Templeton firms seek to reopen Taro bids

Templeton firms seek to reopen Taro bids
Updated: Tue, Jun 19 2007. 03 46 AM IST
Mumbai: Two firms that own approximately 9% of Israel’s Taro Pharmaceutical Industries Ltd are opposing Sun Pharmaceutical Industries Ltd’s proposed acquisition of Taro and are seeking an open bidding process to maximize value for minority shareholders.
Franklin Advisers Inc. and Templeton Asset Management Ltd are part of Franklin Templeton, one of the largest mutual fund companies in the world. They are opposed to Taro being acquired by Sun Pharma for $6 (Rs246) per share as opposed to $7.75 a share proposed on 20 May.
The revised price is a discount of more than 22% to the current trading price of $7.34 per share and marginally lower than the trading price of $6.1 on the day the deal was announced. The initial price agreed to by Sun was a premium of 27% more than the closing price on 18 May.
Franklin Templeton said it will press forward in a case filed against Taro in the Tel Aviv district court in Israel.
“We believe that we have a very strong case and we believe that this transaction is void because it involves a very deep conflict of interests of the controlling shareholders who have a personal interest in the deal and that it was not approved according to appropriate corporate governance,” said Mark Mobius, president, Templeton Emerging Markets Fund Inc., in an email response to Mint.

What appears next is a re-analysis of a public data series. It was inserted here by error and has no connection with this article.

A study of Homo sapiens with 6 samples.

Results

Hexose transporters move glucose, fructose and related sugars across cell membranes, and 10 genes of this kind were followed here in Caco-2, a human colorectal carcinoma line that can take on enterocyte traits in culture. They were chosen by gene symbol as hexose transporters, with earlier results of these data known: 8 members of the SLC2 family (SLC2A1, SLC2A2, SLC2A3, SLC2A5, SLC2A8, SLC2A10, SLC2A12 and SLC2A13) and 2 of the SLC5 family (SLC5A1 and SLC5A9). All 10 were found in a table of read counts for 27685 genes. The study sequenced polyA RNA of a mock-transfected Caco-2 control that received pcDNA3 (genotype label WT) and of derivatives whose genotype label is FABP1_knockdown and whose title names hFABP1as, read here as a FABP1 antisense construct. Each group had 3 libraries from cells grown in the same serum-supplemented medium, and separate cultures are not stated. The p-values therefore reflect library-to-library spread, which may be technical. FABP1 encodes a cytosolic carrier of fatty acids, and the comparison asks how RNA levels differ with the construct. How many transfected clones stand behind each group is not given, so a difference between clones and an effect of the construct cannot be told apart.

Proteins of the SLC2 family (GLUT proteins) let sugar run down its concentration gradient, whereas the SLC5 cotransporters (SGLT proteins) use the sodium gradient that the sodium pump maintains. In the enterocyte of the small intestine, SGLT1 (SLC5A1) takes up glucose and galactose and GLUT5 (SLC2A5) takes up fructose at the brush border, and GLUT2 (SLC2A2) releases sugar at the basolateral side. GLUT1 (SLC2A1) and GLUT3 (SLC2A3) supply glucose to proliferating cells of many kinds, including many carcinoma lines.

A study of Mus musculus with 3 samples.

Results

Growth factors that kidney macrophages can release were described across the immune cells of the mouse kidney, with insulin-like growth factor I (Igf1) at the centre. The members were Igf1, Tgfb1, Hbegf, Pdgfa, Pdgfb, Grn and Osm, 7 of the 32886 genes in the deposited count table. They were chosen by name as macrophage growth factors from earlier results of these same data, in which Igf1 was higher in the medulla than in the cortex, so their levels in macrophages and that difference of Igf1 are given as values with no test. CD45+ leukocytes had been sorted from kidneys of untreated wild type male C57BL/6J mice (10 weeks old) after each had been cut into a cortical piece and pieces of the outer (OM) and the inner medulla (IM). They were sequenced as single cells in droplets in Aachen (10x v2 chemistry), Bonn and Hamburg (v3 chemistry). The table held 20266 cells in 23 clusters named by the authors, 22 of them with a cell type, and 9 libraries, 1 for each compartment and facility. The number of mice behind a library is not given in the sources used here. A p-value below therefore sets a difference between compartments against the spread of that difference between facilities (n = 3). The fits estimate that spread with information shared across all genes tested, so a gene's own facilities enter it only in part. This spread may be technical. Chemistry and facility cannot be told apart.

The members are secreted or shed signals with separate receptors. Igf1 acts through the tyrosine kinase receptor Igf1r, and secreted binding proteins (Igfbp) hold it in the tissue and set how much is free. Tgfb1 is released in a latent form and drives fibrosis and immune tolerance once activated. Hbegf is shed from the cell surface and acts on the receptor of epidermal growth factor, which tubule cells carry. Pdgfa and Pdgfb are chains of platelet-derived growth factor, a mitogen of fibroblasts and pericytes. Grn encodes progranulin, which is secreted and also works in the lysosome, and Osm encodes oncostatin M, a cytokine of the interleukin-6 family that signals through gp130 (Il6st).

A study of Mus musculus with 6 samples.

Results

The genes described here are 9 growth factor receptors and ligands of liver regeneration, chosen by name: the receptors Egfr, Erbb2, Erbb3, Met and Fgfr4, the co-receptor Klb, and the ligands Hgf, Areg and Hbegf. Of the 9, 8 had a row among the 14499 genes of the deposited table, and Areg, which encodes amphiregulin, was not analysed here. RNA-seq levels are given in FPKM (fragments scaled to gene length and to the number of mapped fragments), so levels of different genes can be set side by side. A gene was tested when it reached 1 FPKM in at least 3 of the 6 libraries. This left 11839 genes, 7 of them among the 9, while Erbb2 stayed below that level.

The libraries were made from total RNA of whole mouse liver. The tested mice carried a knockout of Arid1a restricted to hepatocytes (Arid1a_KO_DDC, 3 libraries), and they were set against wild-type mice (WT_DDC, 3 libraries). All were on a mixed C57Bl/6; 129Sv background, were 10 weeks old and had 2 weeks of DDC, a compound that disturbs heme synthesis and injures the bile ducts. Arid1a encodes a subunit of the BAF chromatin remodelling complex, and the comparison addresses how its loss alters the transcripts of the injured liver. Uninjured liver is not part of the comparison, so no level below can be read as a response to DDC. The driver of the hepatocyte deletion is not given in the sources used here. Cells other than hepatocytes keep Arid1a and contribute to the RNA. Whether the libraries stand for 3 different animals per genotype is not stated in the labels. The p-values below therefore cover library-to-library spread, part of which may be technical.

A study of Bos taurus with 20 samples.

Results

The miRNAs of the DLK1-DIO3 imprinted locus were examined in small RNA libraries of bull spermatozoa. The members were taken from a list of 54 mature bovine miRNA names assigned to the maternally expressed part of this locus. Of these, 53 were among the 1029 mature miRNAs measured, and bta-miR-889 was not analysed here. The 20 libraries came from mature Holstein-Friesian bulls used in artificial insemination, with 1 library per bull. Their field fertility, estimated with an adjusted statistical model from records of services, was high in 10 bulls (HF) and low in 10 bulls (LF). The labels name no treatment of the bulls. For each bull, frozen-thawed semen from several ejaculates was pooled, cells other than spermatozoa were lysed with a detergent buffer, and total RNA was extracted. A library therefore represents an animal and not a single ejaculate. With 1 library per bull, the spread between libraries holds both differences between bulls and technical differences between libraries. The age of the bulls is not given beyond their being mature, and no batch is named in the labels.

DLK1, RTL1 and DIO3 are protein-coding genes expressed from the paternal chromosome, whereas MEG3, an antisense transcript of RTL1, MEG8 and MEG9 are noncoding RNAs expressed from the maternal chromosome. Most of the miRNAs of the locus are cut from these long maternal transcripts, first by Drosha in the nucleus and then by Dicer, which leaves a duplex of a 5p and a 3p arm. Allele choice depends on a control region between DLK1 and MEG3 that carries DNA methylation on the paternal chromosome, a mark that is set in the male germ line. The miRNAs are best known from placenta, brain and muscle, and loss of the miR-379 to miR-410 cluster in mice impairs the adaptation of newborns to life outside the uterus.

Taro had said in an earlier release that since the court has not decided to issue any temporary injunction preventing the takeover, the acquisition will continue as planned.
Sun Pharma first proposed to acquire Taro on 20 May for $454 million, including $224 million in debt. At that time, Taro said it “believes that the proceedings initiated by Franklin Advisers and Templeton are without merit and are detrimental to the best interests of shareholders and the company.”
A Sun Pharma spokesperson said, “We believe that the case has no merit,” noting that “the case is sub judice, hence it is appropriate for us to wait for the outcome.”
The legal battle between the shareholders and Taro started in May when Franklin Advisers and Templeton Asset Management filed a motion in the court alleging that the affairs of Taro are being conducted in a manner detrimental to minority shareholders. “The action followed a long period in which the company’s affairs were conducted in a scandalous and oppressive manner,” claimed Carlos von Hardenberg, a senior vice-president at Templeton.
Templeton alleged financial irregularities, misleading reports made by the company, its directors and controlling shareholders, which also led to nine proposed class action suits against the company. “In fact, as Taro admitted in the court proceedings, Sun has been offered a private allotment of shares, which diluted the minority shareholders,” alleged Mobius.
Sun was offered 7.5 million shares for a price of $6 whereas Sun itself admits that it believes that the “fair” price is $7.75 per share. “This issuance of shares is done above and beyond what Taro requires for confronting its debt obligations,” says Hardenberg. “The issuance of additional stock should be viewed as a first step in a two-step manoeuvre to squeeze the minority shareholders out of the picture. In addition to this oppressive scheme, Sun was also given an option to further dilute the shareholders by purchasing 7.5 million shares for the price of $6 over a three-year period. This dilution coerces the minority shareholders, who are asked to agree to the merger with Sun because if they do not give into Sun’s offer for merger, they may find themselves even further diluted and oppressed.”